Pride and Temptation in The Voyage of the Dawn Treader


I enjoyed the movie Voyage of the Dawn Treader for the story it told. Dawn Treader is my favorite of the Narnia books so, of course, I was disappointed when my favorite parts didn’t make the screen. I do understand that telling a story like this one on screen will look different than telling it as a written narrative. Making the story a quest for swords and a battle against a defined and visible evil made it an easier story to tell. However I do think the movie failed to give the audience enough credit.

Having to struggle with temptation, distinguish good from evil and admit our faults is something everyone faces. Some of the best movies I’ve seen deal with internal struggles like this. The characters’ internal struggles with pride were evident enough without using green smoke as a visual cue for temptation and evil. It would be nice if green smoke showed up so we could know that evil is in the process of tempting or deceiving us. But we don’t. We face struggles without visual cues. We take internal voyages toward internal change and personal resolution. This is really the heart of the book and the place where I think the movie missed its mark.

That said, I think the struggle with pride and the journey various characters take to overcome it was portrayed in the movie. Lucy, Edmund, and Reepicheep deal with the pride that drives insecurity. Edmund feels second to Peter who is High King of Narnia and to Caspian who is its’ current king. Edmund believes that he has the same capacity to rule and resents his position as second to the king.

Lucy feels that she is not as attractive or popular as her older sister Susan. She struggles with this insecurity and feeling of unimportance.  As a mouse, Reepicheep feels he must always be the bravest and baddest in order to prove himself and earn the respect he wants. Reepicheep faces his insecurity by overcompensating. For each of them, who they are doesn’t feel like enough.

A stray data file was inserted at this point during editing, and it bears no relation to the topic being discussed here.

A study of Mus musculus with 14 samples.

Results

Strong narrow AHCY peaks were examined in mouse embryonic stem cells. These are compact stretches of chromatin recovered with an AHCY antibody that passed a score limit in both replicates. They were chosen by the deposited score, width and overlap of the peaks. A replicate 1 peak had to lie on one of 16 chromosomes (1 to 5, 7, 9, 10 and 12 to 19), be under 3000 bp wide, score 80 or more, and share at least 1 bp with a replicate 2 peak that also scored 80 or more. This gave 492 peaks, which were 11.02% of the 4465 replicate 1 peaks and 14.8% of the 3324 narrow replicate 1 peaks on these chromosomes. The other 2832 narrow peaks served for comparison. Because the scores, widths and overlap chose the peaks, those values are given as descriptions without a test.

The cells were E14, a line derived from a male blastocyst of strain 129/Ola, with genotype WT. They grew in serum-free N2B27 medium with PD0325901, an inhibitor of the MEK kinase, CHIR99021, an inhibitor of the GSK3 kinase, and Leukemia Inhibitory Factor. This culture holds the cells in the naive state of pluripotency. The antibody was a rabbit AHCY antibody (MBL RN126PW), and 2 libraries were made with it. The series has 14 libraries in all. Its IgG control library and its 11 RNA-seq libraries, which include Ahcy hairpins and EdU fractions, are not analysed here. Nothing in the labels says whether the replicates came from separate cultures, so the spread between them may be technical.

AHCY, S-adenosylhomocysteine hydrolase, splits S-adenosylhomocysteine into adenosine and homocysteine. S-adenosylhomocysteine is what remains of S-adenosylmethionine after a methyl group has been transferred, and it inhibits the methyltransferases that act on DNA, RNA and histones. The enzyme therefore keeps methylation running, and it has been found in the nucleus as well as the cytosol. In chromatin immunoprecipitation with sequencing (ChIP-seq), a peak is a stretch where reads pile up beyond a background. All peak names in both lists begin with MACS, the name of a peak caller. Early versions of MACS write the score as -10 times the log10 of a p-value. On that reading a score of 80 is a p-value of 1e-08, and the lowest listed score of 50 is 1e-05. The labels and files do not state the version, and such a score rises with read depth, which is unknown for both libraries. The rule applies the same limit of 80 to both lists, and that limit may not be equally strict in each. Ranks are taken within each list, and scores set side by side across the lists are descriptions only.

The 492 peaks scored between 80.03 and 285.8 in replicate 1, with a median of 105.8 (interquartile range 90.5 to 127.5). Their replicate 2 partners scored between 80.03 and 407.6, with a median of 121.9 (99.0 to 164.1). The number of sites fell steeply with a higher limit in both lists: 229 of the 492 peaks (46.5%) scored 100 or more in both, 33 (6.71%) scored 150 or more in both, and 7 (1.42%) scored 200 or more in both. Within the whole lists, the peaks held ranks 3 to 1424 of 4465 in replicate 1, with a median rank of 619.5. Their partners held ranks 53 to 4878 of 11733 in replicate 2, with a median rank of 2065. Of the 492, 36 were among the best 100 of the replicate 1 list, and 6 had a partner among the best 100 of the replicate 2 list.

Lucy, Edmund, and Reep’s insecurities stem from hurt pride. We try to define what makes a person important. Beauty, power, and position often figure into the equation. Our perceptions of how we are viewed by others can cause us to reject ourselves and our roles.

I wish that the filmmakers had figured out a way to shoot Chapter 10 of the book just as Lewis wrote it. It’s the part in which Lucy uses Coriakin’s spell book to try and deal with her insecurities by herself. It captures the essence of this sort of pride and the internal struggles that go with it.

Eustace’s brand of pride is a little different. He feels superior because he deals in facts rather than fantasy. Even after he is proved wrong and lands in Narnia he won’t let go of his reliance on politics and education to get out of trouble. Eustace limits the terms in which he is willing to address his problems and experiences to what he can understand. Eustace has to encounter an experience that defies his logic and reveals his flaws before he can process the reality of Narnia and Aslan, much less to be personally affected by it.

The scene in which Eustace tries to change but realizes he can’t change himself was a little bit rushed but I was happy that they included that part. Eustace’s voyage from reliance on himself and this world’s limited man-initiated resources to his supernatural,  life-changing meeting with Aslan is a voyage worth taking.